Memorable state tournament
Few sporting events compare with a high school basketball tournament.
With a variety of food about as near as the refrigerator at home and no household chores to interfere, my seat at Lawlor Events Center became better and better as the tournament proceeded.
The Nevada Interscholastic Activities Association lined up six straight 3A and 4A boys and girls’ games last Friday at the University of Nevada campus in Reno. The teams came from as far as Las Vegas and as near as Reno High.
They deservingly got to play on the same court that the Wolf Pack men’s and women’s teams use for their Western Athletic Conference games.
There is something magical about a win-or-go-home format. Spectacular plays are magnified and fans remember close games for years to come. Before this special day ceased, the Reno boys delivered the most memorable performance.
Fans should still be talking about Austin Morgan’s 37-point effort 10 years from now. It should go down as one of the great individual championship performances in tournament history. Morgan made 12-of-21 field goal attempts and didn’t miss a free throw in 10 attempts. When is the last time you saw an NBA player make that many free throws without a miss? Shaq probably would have a better chance of missing all 10 than making 10 straight.
For spectators who stayed for the 4A boys’ final late that night, they were treated to the back-and-forth flow typical of classic final games.
Morgan made sure that Reno’s final with Cheyenne didn’t become a classic for the ages by making four straight free throws inside the final minute of play.
“Our coaching staff is really committed,” Morgan said. “They just instill playing hard, and it just culminates in everybody. We just try to play hard and see what happens, and it usually ends in a win.”
Reno’s 76-72 victory provided the North with its first three-year state championship winning streak since Carson won three consecutive titles from 1936 through 1938.
“There are good players up here now,” said Reno coach Kyle Schellin. “Back in ’06, I had all seniors and three of them are playing college ball now. Last year, (Galena’s) Luke Babbitt is as good as a player as there has been around here in a long time, and four other seniors who were good players. And, this year, we were the best team, because we had the two-best players in the state on our team.”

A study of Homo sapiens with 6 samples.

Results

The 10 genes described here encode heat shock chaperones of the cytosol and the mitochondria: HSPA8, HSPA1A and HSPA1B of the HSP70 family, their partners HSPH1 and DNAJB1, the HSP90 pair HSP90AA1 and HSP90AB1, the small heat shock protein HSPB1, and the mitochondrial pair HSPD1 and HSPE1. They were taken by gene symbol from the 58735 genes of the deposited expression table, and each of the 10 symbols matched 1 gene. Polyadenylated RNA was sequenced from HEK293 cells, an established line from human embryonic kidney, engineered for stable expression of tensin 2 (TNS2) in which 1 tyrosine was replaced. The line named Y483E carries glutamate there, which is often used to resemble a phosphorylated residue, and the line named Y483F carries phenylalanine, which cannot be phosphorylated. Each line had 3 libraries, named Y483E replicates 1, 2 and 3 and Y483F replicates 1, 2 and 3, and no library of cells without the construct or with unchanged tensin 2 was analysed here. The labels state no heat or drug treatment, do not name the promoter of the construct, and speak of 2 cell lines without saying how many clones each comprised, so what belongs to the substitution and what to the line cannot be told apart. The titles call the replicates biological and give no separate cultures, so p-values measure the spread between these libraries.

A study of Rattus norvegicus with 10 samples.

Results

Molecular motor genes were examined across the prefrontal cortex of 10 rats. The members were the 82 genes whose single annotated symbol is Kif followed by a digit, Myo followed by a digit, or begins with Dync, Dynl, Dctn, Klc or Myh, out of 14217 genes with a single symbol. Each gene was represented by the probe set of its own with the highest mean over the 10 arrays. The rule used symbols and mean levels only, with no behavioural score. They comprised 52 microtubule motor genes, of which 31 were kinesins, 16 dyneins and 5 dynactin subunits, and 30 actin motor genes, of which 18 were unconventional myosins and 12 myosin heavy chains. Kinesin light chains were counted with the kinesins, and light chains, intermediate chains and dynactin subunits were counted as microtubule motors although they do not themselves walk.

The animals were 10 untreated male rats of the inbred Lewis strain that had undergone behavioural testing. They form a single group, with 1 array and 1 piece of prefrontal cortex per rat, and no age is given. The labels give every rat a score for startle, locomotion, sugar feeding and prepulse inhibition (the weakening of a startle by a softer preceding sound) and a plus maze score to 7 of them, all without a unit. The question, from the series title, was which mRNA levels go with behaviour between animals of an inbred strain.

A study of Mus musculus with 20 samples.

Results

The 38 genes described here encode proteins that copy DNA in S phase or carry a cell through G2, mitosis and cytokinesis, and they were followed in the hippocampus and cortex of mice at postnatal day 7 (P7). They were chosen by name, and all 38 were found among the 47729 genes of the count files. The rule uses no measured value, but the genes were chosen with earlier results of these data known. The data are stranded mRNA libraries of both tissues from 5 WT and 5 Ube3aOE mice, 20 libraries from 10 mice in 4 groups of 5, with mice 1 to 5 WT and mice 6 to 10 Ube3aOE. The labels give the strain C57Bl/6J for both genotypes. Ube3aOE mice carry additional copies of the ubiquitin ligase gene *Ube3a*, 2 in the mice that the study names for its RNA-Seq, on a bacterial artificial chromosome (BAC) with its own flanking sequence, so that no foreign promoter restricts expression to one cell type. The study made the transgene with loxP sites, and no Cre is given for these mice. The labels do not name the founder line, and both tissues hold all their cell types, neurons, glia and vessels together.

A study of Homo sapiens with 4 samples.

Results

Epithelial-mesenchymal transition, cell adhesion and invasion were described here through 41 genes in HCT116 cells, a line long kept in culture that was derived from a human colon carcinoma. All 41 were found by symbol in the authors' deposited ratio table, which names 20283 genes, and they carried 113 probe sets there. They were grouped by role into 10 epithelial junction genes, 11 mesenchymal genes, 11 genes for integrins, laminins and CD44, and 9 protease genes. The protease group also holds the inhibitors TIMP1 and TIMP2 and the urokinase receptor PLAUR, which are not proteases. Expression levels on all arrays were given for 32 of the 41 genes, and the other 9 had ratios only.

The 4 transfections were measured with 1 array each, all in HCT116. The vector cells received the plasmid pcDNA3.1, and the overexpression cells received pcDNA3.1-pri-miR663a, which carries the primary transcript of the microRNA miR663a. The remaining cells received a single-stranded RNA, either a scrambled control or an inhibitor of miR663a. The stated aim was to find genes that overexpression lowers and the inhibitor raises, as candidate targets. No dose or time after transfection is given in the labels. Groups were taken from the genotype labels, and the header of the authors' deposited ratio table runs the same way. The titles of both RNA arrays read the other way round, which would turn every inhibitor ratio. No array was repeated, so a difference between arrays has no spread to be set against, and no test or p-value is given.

Schellin was referring to Morgan and Duke-bound Olek Czyz. The Pack should make it a priority to keep Morgan at home, allowing him to join home-grown stars Babbitt and Armon Johnson in blue and silver. The Pack has a unique opportunity to polarize Northern Nevada and increase its fan base by signing another talented local player.
As for Czyz, many basketball fans wonder why Duke signed the 6-7 Reno star. But few guys his size run the court the way he does. He gets many of his points in transition, and with his 40-inch vertical leap, Czyz should be able to pull down a fair share of Duke’s missed three-point shots. He’ll be a nice role player for Mike Krzyzewski.
My only regret came when this fantastic day ended. Too bad that the NIAA can’t expand the state tournament and let more schools enjoy the experience. I wish the state tournament could start on a Tuesday and end on Saturday, allowing all four Nevada classifications to use the Pack’s facilities.
Today’s economy, however, won’t support it. But it does no harm to dream.
– Tribune Sports Editor Steve Yingling can be reached
at (530) 542-8010 or email@example.com.